Gas is safe and clean

Gas is safe and clean

What are natural gas and biogas? What makes natural gas clean, and why is biogas so environmentally friendly? Let us tell you what these two forms of energy are all about and what does the gas prices consist of.

 


Where does natural gas come from? Natural gas consists almost entirely of methane. The gas is created underground as biomass decomposes, and it’s the cleanest of all fossil fuels. Natural gas available in Finland can be utilised in electricity production and heating without further processing. Natural gas can also be refined into liquefied natural gas (LNG) and compressed natural gas (CNG).

What is natural gas used for? Natural gas is an excellent energy source in district heating and electricity production, but it’s also popular in industrial processes, as it requires no storage. Natural gas can also be used as an affordable fuel for traffic, and it’s available at gas fuelling stations.

Biogas

Where does biogas come from? Biogas is a 100% renewable form of energy, as it can be produced from almost any biological raw materials. Such raw materials include organic waste, waste water sludge, manure and industrial surplus waste. However, wood-based materials are not suitable for biogas production without processing. The greatest potential lies in field biomass, which is made from materials such as the inedible parts of crops. However, field biomass is not yet utilised in Finland, unlike in Sweden.

How is biogas produced? The raw materials needed for biogas production are transported to the nearest biogas plant, where they are used to produce environmentally friendly and 100% renewable biogas. Biogas is a fixed part of circular economy, as the residual nutrients created during the production are used on fields as fertiliser, which in turn decreases the use of industrially produced fertilisers. In Finland, the use of residual sludge as fertiliser is controlled by the Finnish Food Safety Authority Evira.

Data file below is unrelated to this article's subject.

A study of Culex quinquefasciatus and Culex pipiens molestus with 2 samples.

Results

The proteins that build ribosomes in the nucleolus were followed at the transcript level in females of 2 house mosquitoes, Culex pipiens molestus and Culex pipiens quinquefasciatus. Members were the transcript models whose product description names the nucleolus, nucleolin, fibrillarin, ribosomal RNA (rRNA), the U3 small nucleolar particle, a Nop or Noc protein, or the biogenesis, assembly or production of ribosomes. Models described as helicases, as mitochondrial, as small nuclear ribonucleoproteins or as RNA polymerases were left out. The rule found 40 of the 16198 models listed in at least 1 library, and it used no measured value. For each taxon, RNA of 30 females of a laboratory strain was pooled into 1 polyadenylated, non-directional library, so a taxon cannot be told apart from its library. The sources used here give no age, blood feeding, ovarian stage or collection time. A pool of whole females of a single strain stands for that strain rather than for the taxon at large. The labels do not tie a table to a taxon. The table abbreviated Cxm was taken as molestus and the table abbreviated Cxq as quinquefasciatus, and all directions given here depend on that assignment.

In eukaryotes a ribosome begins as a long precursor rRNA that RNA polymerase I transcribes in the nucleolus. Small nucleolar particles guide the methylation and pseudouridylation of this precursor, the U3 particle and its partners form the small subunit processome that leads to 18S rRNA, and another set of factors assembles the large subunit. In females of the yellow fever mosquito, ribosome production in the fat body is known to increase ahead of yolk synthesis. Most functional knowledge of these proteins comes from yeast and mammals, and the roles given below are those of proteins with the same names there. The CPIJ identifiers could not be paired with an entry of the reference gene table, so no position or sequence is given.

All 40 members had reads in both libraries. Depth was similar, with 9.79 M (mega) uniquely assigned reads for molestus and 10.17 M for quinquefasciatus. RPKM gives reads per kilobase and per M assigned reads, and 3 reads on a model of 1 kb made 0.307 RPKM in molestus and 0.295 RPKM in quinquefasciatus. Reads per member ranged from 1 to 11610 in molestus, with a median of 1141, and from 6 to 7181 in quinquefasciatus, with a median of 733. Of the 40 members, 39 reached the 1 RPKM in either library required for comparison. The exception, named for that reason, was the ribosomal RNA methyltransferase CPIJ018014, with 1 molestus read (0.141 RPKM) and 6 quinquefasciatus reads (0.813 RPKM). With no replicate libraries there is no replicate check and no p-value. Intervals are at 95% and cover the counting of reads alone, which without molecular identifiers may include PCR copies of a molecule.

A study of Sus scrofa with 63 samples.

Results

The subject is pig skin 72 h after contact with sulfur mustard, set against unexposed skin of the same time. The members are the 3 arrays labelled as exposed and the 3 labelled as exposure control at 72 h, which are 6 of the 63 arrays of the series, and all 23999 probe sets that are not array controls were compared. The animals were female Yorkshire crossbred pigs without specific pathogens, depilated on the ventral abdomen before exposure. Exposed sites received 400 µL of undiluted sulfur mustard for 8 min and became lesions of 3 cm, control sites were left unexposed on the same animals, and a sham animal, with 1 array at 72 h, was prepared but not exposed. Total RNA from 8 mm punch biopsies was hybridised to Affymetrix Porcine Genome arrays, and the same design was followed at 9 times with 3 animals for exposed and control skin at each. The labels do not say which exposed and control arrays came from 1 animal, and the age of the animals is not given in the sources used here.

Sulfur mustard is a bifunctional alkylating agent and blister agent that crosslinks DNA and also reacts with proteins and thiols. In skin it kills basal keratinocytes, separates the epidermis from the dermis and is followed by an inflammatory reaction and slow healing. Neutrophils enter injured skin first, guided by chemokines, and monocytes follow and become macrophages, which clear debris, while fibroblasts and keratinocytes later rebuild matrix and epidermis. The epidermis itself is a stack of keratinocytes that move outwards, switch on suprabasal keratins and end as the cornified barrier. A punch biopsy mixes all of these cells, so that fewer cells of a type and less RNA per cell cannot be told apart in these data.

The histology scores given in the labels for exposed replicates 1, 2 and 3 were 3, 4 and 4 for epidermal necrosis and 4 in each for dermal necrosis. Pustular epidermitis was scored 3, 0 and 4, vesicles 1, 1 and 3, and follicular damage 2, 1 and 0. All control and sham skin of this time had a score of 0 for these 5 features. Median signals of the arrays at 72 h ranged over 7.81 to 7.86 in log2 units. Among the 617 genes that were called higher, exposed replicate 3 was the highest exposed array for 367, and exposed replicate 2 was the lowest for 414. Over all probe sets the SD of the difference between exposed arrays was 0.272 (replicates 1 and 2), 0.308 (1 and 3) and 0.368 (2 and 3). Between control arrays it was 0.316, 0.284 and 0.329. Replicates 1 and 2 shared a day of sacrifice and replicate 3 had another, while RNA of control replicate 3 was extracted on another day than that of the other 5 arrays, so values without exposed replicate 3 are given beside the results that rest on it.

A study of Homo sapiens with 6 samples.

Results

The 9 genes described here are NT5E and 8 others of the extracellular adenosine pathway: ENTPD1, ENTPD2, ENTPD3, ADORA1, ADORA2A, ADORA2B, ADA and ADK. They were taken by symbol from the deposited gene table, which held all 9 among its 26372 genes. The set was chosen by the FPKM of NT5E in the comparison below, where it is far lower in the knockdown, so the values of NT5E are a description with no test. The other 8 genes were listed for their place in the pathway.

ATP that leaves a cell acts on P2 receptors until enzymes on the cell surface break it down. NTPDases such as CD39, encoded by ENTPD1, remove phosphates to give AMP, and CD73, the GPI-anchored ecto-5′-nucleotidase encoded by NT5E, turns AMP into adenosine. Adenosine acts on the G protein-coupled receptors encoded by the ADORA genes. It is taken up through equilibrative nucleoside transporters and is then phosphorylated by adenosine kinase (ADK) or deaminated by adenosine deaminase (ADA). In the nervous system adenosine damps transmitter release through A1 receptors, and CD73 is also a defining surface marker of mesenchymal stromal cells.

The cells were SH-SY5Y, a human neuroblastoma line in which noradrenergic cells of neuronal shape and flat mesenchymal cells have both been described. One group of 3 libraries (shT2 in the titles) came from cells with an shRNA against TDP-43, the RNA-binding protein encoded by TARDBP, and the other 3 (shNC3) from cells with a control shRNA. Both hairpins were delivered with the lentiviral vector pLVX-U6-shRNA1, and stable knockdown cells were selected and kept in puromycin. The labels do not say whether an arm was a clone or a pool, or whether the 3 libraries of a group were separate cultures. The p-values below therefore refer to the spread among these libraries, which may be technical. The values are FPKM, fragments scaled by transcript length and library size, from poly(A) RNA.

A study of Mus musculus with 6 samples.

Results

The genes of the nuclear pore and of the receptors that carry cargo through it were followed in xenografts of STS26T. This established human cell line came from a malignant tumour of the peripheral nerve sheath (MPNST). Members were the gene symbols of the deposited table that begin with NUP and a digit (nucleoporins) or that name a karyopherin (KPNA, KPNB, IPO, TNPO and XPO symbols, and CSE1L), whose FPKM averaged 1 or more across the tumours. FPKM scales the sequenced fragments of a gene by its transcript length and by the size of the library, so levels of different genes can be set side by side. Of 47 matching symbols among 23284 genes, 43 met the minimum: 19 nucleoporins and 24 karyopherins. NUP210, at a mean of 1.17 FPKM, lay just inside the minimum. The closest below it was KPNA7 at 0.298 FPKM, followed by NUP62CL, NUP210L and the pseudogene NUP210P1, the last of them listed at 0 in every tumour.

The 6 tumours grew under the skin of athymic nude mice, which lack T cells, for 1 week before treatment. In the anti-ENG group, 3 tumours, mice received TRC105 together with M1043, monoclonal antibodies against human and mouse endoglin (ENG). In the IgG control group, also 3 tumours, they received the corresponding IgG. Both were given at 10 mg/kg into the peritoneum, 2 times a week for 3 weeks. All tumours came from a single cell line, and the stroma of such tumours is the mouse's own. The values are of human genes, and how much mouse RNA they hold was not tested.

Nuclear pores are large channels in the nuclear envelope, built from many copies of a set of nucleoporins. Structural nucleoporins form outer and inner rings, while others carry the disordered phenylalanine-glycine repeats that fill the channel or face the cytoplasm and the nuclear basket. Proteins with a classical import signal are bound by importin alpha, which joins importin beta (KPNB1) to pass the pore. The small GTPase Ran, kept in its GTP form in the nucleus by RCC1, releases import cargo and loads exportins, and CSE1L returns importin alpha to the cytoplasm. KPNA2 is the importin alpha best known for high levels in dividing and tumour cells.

How is biogas used in Finland? Of all the Nordic countries, Sweden and Denmark use biogas the most – in Finland, only around 4% of the production potential of biogas is utilised. In 2015, gas from biogas plants was used to produce 350 GWh of heat and electricity in Finland, which is equivalent to the heating energy need of approximately 18,000 detached houses. Biogas is used in heating and electricity production, but one growing area of use is traffic, as biogas is the most low-emission traffic fuel available.

Switching over to biogas is easy

  1. Decision to switch over biogas. All homes covered by the gas distribution network can switch over to environmentally friendly biogas. By switching over to 100% renewable Finnish biogas, you can reduce your carbon dioxide emissions to zero!
  2. Let our customer service know if you are planning to switch over. You can easily notify Suomen Kaasuenergia of your decision by contacting us by telephone at +358 (0)800 156 688 (weekdays 8 am–5 pm), by e-mail at asiakaspalvelu@suomenkaasuenergia.fi or with our electronic contact form.
  3. Gas consumption metering. Biogas consumption is metered with a remotely read meter that must be installed into the place of use when switching over to biogas if the property does yet not have one.
  4. Presto! You are supplied with biogas. You can use the gas for cooking and heating your home just like before, as the properties of biogas are equivalent to those of natural gas. The only difference is that biogas is fully renewable energy, and your carbon dioxide emissions are down to zero from now on!


The price of natural gas consists of the same elements as that of electricity: the sales and transfer prices of energy. The energy price of natural gas is tied with price indexes to the prices of crude oil and international coal, as well as the Finnish energy price index published by Statistics Finland. The reasonability of the pricing is controlled by the Finnish Energy Authority, which defines the allowable profit from the transfer of natural gas. Transfer pricing is based on capital committed to the transfer network and the costs of operating the transfer network, but the pricing is also affected by location-specific consumption.

Natural gas is competitive

The price of natural gas is competitive, as it’s adjusted on a monthly basis and thus able to maintain its position in relation to other forms of energy. Using gas is affordable when the gas is used on a steady basis, as steady use affects both the sales price and the transfer price of natural gas.